The electorate, also deeply divided over Brexit, will now have its say in a poll dubbed the “most important” for a generation.
How voting works
Voters in 650 constituencies across the UK will elect members of Parliament to the lower chamber, the House of Commons, via the first-past-the-post system. To win, candidates need to get more votes than any of their competitors.
A party needs to win 326 seats to secure a majority in the House of Commons and be asked to form a government by the monarch, Queen Elizabeth II. The members of Parliament’s upper chamber, the House of Lords, are nominated – by some main parties – rather than elected.
Structure of government
The government is traditionally formed by the party which wins a majority share of seats in the House of Commons. The government is headed by the prime minister, who selects a cabinet of senior officials.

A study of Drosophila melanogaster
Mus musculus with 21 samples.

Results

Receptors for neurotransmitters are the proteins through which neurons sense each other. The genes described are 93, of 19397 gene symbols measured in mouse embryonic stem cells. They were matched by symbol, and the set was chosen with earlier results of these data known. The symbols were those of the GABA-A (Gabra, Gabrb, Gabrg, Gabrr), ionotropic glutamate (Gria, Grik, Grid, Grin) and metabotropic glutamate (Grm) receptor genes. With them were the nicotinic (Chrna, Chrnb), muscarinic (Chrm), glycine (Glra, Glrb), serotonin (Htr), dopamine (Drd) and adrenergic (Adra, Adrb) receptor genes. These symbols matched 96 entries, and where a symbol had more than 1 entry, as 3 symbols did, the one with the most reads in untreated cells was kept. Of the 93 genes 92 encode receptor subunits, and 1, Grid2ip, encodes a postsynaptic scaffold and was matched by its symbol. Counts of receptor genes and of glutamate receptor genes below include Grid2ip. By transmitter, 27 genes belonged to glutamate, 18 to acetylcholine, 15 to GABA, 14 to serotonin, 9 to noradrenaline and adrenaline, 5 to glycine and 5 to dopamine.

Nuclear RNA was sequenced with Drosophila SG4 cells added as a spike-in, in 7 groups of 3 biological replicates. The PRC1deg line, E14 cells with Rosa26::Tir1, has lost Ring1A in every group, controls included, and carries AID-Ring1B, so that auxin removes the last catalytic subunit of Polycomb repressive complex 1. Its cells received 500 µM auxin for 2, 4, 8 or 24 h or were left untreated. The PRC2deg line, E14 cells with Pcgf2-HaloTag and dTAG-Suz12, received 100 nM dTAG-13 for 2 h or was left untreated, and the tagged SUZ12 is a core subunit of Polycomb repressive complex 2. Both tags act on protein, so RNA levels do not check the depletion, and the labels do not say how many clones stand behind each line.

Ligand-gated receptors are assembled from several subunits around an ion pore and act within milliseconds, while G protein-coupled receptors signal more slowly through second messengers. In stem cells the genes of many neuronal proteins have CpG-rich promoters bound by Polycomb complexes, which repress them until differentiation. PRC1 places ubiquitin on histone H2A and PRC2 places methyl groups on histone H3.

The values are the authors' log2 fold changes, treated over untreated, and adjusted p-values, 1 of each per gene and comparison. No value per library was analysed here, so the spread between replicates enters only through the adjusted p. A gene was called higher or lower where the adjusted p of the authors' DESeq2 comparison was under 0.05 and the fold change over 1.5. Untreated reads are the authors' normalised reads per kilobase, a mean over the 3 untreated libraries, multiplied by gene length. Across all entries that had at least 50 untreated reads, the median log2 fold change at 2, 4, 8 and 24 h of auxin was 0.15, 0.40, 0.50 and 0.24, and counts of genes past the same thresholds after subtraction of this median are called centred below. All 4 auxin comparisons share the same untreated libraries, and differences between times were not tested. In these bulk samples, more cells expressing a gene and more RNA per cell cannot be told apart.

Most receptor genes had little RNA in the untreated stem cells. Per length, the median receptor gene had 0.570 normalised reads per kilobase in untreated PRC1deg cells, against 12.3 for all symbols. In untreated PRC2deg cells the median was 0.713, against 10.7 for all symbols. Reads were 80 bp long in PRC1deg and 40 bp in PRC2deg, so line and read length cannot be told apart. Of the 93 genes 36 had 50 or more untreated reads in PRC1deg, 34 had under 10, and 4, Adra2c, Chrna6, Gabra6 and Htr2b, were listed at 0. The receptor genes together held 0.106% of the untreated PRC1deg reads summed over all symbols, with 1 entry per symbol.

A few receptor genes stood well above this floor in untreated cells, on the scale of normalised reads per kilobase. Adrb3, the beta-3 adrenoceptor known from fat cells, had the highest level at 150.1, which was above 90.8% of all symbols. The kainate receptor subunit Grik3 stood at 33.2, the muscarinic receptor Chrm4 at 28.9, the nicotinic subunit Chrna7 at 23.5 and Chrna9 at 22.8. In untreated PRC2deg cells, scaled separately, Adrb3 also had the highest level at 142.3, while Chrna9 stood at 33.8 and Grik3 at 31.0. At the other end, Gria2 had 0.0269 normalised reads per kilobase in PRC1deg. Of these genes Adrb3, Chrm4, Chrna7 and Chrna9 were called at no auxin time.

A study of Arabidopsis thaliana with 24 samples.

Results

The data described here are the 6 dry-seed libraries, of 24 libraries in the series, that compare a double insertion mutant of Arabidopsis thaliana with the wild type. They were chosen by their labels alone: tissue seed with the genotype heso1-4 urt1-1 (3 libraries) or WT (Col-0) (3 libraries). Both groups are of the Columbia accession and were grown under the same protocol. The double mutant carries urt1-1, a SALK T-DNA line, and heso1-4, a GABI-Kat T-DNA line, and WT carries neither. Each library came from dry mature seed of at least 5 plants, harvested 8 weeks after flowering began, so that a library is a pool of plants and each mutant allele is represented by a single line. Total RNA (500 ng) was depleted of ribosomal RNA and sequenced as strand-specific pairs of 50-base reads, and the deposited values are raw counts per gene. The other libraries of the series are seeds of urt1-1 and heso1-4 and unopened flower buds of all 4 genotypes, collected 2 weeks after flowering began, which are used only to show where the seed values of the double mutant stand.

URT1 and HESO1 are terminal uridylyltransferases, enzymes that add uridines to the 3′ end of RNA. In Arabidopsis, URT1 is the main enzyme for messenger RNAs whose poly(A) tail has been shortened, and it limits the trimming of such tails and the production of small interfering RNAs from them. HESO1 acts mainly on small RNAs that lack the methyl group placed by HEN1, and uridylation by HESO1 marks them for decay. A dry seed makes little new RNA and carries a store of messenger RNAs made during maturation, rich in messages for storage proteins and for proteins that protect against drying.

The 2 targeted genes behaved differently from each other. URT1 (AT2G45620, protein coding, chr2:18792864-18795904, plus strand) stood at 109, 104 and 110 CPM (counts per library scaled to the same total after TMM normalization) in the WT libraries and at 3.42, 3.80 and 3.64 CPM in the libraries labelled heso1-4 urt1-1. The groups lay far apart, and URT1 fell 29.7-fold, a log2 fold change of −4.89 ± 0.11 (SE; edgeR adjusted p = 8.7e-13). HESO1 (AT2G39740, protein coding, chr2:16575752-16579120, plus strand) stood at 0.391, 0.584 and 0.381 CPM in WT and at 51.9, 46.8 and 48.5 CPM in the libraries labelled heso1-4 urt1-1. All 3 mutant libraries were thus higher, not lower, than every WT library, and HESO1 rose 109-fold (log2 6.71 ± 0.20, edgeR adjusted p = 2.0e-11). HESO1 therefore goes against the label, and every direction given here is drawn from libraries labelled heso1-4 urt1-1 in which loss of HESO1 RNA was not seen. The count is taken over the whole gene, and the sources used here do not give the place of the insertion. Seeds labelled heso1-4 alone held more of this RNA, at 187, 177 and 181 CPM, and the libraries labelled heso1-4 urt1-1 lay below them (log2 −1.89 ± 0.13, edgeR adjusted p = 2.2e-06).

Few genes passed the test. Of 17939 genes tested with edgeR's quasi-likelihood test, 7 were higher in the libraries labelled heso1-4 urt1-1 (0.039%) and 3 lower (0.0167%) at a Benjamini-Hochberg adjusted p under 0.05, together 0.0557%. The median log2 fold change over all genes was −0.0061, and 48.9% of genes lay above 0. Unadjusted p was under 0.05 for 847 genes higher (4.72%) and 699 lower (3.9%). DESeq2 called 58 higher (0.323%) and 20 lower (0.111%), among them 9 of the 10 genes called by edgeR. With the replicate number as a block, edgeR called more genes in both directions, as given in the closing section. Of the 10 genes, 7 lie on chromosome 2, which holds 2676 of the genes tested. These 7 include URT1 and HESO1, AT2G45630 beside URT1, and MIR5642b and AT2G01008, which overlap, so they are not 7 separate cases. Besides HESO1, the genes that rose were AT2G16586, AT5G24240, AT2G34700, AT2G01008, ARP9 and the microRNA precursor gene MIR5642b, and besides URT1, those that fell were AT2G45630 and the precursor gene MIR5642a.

In the event no party wins an outright majority, there is a hung parliament. In this situation, the party with the largest number of seats can try to run a minority government, seek out the support of smaller parties for a “confidence and supply agreement”, or try to build a formal coalition.
As the leaders of the two major parties, Johnson and Corbyn are the two contenders for the UK’s highest political office.
Jo Swinson, leader of the Liberal Democrats, and Nicola Sturgeon, leader of the Scottish National Party, could also have a big influence on the outcome of the election, depending on how their respective parties fare.
The Brexit election
Johnson has promised to “get Brexit done” by the end of January if his Conservative Party scoops a majority.
However, even if Parliament passes the existing withdrawal agreement by that deadline, a potentially gruelling negotiation over the UK and the EU’s future relationship will begin as the transition period comes into effect.
Johnson says this period will not be extended past the end of 2020, when it is currently scheduled to end, but there is widespread doubt over whether a trade deal can be concluded before then. The transition period can be extended by up to two years if the UK and the EU agree.
If Labour wins, it will ask the EU for another Brexit extension to allow time to renegotiate the current withdrawal agreement.
Corbyn wants a softer divorce deal based on a new UK-EU customs union and close EU single market alignment, which will then be put to a public vote, alongside an option to remain in the bloc, within six months.